We were in Chakan recently to ride the new 2019 KTM RC 125, which would rival the well-loved Yamaha R15 V3. Here is our first ride review of the baby RC and what it has in store.
The bike is aimed at the younglings who, finally come of legal age and yearn for their first motorcycle to be a faired monster where they can scrape their knees on tarmac. Parents however, care little for such immature drama and are all for ones well-being, safety and health. Hence, the compromise is made with a small capacity motorcycle which one could learn the trade while being comparatively safer. A well wise decision. It is in this department that the Yamaha R15 ruled, beating the KTM RC 200, which may have been a little too much for a total beginner. However, KTM has set out to change this and a short while ago launched the 125 Duke, and now have introduced the faired sibling, the new KTM RC 125.
In the looks department, the KTM RC 125 is identical to the bigger RC 200, albeit with new decals. No bad thing here, as the RC series in India sure are quite stunning looking. Subjective though. You get the same chiselled and cut body work, twin projector headlamps, triple clamp clip-on handlebars, and instrument cluster. You get the same seat which is comfortable and that pillion seat continues to look like a rear cowl, which is surprisingly comfortable, unlike the baby Duke which would make a yoga instructor need physiotherapy. As we mentioned earlier, the bike is identical to the RC 200 sharing its trellis frame chassis and dimensions. This means that KTM have not skimped out on the hardware, in a way making the KTM RC 125 punch above its weight category.
The RC 125 is not a powerful machine though, with no hooligan-like outburst when in the saddle. Uncharacteristic of KTM but great for those who are just learning the trade. The bike makes a mellow 14.5 PS which comes in at a high 9,250 rpm and 12 Nm also at a fairly high 8,000 rpm, which is close to the motorcycles red-line. This hands you very muted acceleration, making it difficult to lose control. Instead the 124.7-cc single-cylinder, four-valve, DOHC, liquid-cooled, fuel-injected engine mated a six-speed gearbox which felt quite nice, with no reports of any false shifts whatsoever. The engine is linear and very commuter friendly when used in the real world, barring the highway which even though the baby RC can manage highway speeds, it is not in the most comfortable way. At the track in Chakan we recorded a top speed of 123 km/h, which had us strain the engine a bit and being in a full tucked riding position. Speeds of about 90 – 100 km/h seemed to suit the RC 125 a lot better. Yes, you do feel a few vibes too, however, only at the higher end of the rev-counter. These vibes should not matter too much too, since this bike is aimed the entrant to sports bikes – young men and women, who relate vibes to feel at music festivals and other ‘auras’.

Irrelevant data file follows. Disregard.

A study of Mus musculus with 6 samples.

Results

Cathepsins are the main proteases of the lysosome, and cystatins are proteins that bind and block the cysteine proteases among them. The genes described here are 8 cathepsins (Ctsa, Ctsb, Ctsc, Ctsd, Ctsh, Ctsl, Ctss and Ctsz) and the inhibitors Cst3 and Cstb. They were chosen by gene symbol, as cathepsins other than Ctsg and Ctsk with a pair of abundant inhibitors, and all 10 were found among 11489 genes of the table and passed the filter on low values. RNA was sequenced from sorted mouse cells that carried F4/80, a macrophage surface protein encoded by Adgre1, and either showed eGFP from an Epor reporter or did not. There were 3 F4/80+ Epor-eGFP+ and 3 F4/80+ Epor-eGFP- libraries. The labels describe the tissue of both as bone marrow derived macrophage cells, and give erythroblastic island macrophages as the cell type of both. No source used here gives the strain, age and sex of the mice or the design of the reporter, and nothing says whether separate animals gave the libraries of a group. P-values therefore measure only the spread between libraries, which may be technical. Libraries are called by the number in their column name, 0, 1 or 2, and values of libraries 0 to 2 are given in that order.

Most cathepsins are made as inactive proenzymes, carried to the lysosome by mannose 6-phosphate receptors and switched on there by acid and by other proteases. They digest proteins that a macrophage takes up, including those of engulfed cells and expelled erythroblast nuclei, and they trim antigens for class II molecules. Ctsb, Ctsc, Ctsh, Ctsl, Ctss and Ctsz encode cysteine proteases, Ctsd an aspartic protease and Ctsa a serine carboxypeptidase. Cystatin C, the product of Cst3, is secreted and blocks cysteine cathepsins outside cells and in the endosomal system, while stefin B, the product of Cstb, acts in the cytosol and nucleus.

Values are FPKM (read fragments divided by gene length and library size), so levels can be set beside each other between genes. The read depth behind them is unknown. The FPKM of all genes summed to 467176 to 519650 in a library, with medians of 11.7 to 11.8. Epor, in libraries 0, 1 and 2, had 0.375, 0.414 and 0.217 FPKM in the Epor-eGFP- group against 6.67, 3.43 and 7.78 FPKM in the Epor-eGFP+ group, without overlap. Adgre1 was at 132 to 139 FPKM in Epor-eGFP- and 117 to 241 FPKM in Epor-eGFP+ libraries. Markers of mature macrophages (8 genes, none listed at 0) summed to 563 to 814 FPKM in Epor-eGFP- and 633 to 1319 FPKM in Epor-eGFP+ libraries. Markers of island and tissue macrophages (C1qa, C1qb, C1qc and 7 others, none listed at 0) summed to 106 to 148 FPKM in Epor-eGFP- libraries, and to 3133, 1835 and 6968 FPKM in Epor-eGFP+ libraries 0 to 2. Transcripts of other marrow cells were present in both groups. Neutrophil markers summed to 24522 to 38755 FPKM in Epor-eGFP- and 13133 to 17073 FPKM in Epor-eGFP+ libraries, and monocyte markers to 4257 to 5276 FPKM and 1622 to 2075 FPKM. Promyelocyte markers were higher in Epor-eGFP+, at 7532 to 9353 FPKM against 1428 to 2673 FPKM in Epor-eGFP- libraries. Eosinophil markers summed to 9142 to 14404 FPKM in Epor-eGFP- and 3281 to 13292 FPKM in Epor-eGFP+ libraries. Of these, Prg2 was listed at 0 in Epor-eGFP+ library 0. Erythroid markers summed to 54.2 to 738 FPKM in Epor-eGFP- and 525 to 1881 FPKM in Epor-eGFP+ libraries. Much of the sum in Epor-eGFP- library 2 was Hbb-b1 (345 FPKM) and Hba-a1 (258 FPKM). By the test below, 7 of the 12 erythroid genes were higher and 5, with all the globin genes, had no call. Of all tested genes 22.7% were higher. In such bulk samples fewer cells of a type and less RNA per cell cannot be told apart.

Tyre Grip and Brakes
The KTM RC 125 has the same braking set-up as its bigger sibling the RC 200, however with only single-channel ABS for the 125. The bike gets disc brakes for both the front and rear, 300-mm and 230-mm respectively. You find the same ones on the RC 200 too, and they do the job just fine here. Though they may be a little spongy at first, we never found ourselves in a crisis even when pushing the baby RC. Ground contact is made by 17-inch cast alloy wheels draped in MRF Revz tyres, which even on the damp track gave more than enough traction to be leaned well over. No complains there.
Ride and Handling
While in the saddle it was apparent that the RC 125 is indeed a comfortable place to be. Sports bikes generally are well focused and would be a bit cumbersome in the real world. Not the case here, as the RC was comfortable even when lumbering on in the middle of the rev range through the gears. I made it a point to at times, to take a few detours over curbs and allowing the bike to go of the track and back on. This was to give us an idea of how the suspension would handle our not-so-smooth roads, and happy to say here that at no point did it feel harsh. Up front you get 43-mm upside-down forks, that seemed stiff at first but gave good feedback and confidence with the front wheel. The rear suspension has a ten-step adjustable mono-shock which was on its softest setting, and faced no issues, either with soaking up any bumps or staying planted through corners once the pace had quickened.